Even though most of us breathe through our mouths on occasion, the mouth was not
designed to continually serve as the primary pathway for respiration. The specialized anatomy and physiology of the lips-to-lungs pathway compared to that of the nose-to-lungs pathway belies their very different primary functions for optimal health.
The oral cavity system, including the lips, serves two primary functions: 1) acquiring and processing foods and beverages for digestion, and 2) speaking and non-verbal communicating. The complex and mostly habit-trained interactions of the structures of the mouth allow us as humans to safely survive and thrive on a wide variety of foods and beverages in a multitude of environments. The oral secretion, known as saliva, lubricates tissues and consumables alike and provides digestive enzymes and immune proteins to provide some protection from certain ingested pathogens.
The Oral Cavity System
Who hasn’t been warmed by the upturned lips of a pleasant smile or warned by the pursed lips of an angry scowl? Not only do the individual parts of the oral cavity system have specific functions, but those parts must work together seamlessly to support optimal health at every age. When the structures or the use of those structures is negatively impacted by abnormal development, inappropriate usage and habits, pathogens, or toxins, the whole human organism is detrimentally affected. For example, breathing through the mouth induces transient gum inflammation (gingivitis) of the exposed gum surfaces.
Another example concerning breathing through the mouth is that the volume of air taken in exceeds the demand for air, which causes hyper-oxygenation (excess oxygen) and hypocapnia (reduced carbon dioxide) to occur, with many adverse side effects. Additionally, the size and position of the oral cavity system components can adversely affect the airflow through the nasal airway system, especially the size and position of the tongue, bony projections called tori, teeth mal-positions, the shape and relationships of the dental arches, and the extent and depth of the palate toward the nasal airway pathway.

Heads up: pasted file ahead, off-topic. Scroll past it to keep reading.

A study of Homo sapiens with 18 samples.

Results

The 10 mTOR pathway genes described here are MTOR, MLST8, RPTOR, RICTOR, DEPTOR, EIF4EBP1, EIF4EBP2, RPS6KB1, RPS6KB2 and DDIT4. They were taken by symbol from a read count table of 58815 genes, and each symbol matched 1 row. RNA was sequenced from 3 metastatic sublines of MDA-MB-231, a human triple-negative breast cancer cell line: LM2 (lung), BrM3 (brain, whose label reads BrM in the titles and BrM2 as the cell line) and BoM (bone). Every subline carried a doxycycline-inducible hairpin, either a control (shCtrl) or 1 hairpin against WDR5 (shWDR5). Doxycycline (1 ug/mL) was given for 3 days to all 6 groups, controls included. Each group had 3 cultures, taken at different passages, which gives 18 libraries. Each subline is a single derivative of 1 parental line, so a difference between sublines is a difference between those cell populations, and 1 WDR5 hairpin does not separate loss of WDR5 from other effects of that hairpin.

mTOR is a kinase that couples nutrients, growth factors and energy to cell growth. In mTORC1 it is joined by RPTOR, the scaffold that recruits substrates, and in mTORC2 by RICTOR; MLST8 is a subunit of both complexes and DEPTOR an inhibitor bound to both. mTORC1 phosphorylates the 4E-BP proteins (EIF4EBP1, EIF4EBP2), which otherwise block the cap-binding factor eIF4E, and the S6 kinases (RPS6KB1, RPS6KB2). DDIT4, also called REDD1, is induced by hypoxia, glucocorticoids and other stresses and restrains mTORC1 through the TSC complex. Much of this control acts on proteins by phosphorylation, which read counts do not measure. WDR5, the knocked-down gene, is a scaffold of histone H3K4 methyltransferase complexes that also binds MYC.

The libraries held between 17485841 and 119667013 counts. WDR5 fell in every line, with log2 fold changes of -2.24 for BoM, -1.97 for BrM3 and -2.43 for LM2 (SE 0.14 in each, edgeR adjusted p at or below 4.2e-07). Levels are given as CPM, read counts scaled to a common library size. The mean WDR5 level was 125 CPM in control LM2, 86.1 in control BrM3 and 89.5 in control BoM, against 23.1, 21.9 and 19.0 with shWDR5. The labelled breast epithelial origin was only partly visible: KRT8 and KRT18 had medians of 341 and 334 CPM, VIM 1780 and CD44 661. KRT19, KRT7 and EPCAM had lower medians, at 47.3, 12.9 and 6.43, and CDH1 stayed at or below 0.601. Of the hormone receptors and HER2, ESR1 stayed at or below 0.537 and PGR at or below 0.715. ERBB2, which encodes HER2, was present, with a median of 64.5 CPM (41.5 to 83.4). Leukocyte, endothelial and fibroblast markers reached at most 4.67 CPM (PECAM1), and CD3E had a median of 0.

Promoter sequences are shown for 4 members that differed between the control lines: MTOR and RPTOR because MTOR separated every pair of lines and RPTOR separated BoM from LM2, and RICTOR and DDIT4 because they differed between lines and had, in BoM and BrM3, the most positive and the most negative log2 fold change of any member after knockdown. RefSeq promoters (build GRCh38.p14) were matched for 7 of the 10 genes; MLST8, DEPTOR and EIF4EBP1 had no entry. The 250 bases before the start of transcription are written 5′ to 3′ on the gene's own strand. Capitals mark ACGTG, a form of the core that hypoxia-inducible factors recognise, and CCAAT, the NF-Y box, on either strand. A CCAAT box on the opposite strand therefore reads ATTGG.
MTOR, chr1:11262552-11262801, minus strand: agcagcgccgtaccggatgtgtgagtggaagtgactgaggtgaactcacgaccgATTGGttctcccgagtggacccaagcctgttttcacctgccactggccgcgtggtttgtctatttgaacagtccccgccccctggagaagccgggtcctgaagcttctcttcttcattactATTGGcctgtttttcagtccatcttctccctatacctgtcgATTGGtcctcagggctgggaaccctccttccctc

Anatomy of the Nasal Airway
The anatomy of the nasal airway pathway is uniquely designed to facilitate air passage from the exterior to the lungs, expel waste products, and neutralize toxins and pathogens from the body. The nasal airway pathway includes the soft tissues of the nose, through the highly blood-vessel-and-nerve-tissue-invested convoluted bony tissues of the nasal cavity (the turbinates), crossing across the sensory receptors for the sense of smell, emptying into the retropharnyx (throat), passing the immune system structures known as the tonsils and the adenoids, and communicating directly with the mucus-producing sinuses.
All these structures have specialized and coordinated functions for proper respiration and optimal health. The external right and left nasal passages (nostrils) function to stimulate either the right or left brain during nasal cycling. The nasal airway system serves to warm and moisten inspired air for greater oxygen exchange in the lungs, to detect molecular concentrations of noxious airborne substances, to filter particulates from inspired air, to capture pathogens in mucus and track them to the stomach where stomach acid neutralizes them, and to produce nitric oxide, the body’s natural blood pressure regulator.
When we breathe consistently through the mouth, we are bypassing this vitally important
protective system to the detriment of optimal health. So, eat and speak via your mouth, but leave the heavy breathing to the nasal airway system.
Kevin Norige, DMD, is the founder and chief dentist at South Windsor Smiles, a private dental practice that focuses on oral health as part of the whole-body system. For over 35 years he has worked with patients to achieve a healthy mouth and live a healthier life.
Call 860.288.2111 or: www.SouthWindsorSmiles.com.